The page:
The National (Scotland)
Graeme McGarry

How Celtic 'process' and Harry Kewell have helped Yang Hyun-jun catch the eye

WHEN news filtered through that Daizen Maeda’s decision to leave a leg dangling out in the defeat to Atletico Madrid had proven even more expensive to Celtic than the red card he received on the night - and the subsequent thumping that was dished out to them - many fans despaired.

For all of Maeda’s raw edges, it is his raw energy and pace that would surely prove difficult to replace in Brendan Rodgers’ starting XI during the six weeks or so recovery time he needs from the injury he picked up in that controversial collision with Mario Hermoso.

With his impressive cameo against St Mirren the previous midweek perhaps still fresh in the mind of Rodgers, the Celtic manager opted to throw Yang Hyun-jun into Sunday’s clash against Aberdeen in Maeda’s stead, and he was rewarded with a dazzling, goalscoring display from the South Korean.

After a bright start to his Celtic career, Yang had tailed off a little to find himself out of the side, but he has roared back to eye-catching form in recent weeks. That improvement has come, according to Rodgers, through his hard work behind the scenes with Celtic coach Harry Kewell, and his willingness to take on instruction from his manager.

So, while there may be a language barrier at present as Yang continues to assimilate into life in Scotland, there is no doubt whatsoever that when it comes to his football, he fully understands what is expected of him.

“On the pitches, the football is the language and it’s universal,” Rodgers said.

“The analysis and the feedback is constant, all the players get that - and we feed forward to them too because you need that in order to progress. That’s where you hopefully see the building taking place.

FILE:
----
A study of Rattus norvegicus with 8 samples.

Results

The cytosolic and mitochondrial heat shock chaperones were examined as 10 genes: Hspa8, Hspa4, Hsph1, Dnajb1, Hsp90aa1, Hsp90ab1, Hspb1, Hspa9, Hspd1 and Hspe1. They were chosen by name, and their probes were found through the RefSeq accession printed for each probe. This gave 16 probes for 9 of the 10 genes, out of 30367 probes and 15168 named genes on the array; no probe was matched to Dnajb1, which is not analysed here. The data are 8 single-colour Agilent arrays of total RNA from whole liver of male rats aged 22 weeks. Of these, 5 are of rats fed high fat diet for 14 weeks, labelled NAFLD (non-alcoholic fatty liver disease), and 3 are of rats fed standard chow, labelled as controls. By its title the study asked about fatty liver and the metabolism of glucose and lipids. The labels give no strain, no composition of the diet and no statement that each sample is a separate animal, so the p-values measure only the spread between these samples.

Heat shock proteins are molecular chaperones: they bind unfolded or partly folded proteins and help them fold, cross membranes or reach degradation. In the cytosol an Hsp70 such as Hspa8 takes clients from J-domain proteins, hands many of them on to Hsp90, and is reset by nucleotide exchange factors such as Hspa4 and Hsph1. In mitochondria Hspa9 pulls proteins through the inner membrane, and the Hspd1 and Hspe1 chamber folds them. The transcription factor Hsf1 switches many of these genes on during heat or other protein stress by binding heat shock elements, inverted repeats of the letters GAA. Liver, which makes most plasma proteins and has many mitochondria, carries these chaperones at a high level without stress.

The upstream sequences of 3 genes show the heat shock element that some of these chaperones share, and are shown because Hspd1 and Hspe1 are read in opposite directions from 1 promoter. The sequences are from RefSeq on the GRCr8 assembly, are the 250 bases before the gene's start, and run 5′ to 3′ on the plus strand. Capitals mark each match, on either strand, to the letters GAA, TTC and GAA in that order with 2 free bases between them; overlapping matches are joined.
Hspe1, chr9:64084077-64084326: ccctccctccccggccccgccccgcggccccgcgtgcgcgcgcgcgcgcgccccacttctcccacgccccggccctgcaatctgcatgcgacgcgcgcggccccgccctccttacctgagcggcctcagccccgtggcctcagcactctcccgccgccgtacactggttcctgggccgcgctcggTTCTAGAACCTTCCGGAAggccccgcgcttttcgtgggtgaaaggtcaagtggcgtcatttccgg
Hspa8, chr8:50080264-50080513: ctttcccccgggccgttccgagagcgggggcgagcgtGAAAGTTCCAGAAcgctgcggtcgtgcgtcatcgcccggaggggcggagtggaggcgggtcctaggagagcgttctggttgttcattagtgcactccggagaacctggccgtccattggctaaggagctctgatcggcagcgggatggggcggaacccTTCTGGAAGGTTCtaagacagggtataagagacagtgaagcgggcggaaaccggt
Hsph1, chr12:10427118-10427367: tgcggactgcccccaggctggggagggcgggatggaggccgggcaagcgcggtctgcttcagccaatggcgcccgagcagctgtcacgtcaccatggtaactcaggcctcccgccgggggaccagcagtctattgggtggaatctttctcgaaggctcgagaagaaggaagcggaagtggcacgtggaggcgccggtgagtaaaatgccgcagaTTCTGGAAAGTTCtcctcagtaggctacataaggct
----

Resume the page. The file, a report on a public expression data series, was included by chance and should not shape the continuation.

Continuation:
“They know that if they play and then not do so well, it’s about constant growth. Sometimes you’ll play, come off at half-time, be on the bench or maybe not even be involved. But it’s a constant process that never changes.

“He’ll sit with the coaches, me and talk around his game and [we will] acknowledge how hard he works. He’s come from a different culture, half-way across the world and it takes time.

“The players do their lessons and English classes, so eventually they’ll get the language. Like everything, it’s about what you put into it. If ever I need to have clarity and be really clear so they understand we bring in the translator so everything is understood.

“The club is great with that because these boys can be easily left to just come in and have nothing, just be expected to get on with it and learn English. But it’s not as easy as that, so they have that support.

“The process is on the pitch, he’ll sit down with Harry Kewell to go through the positioning on the wingers.

“Harry speaks to me about our structure and then it feeds back. That’s the process.”

Yang was forced to leave the field himself midway through the second half of Sunday’s game after picking up a cut on his face following an accidental collision with Aberdeen full-back Jack MacKenzie. But when domestic action resumes after the international break, he will be hoping he did enough during his time on the pitch to persuade his manager he is again the man to step into Maeda’s boots.

Certainly, Rodgers is in no doubt that he will also be doing everything he can on the training pitch to get the nod when Motherwell come calling a week on Saturday, having missed out on a call up to Jurgen Klinsmann’s South Korea squad this time around for matches against Singapore and China.

Club teammate and compatriot Oh Hyeon-gyu – who hit a late double in the rout of Aberdeen – has made the cut, but Rodgers is expecting a good reaction from his young winger after being left back in Glasgow.

“As a young player we know he’s going to develop but you need the right attitude to do that,” he said.

“He has that and he’s doing that.

“Sometimes it takes time to understand the things that are asked of you and it’s up to us to find how best you fit into the structure.

“I thought he was excellent [against St Mirren], he gave us energy and penetration that we’d lacked in the game. He was very good with and without the ball.

"[He] is a young player who I was really pleased with [against Aberdeen, too]. I think when he first came here, he either beat his man or lost the ball. But now you see the development taking place with him".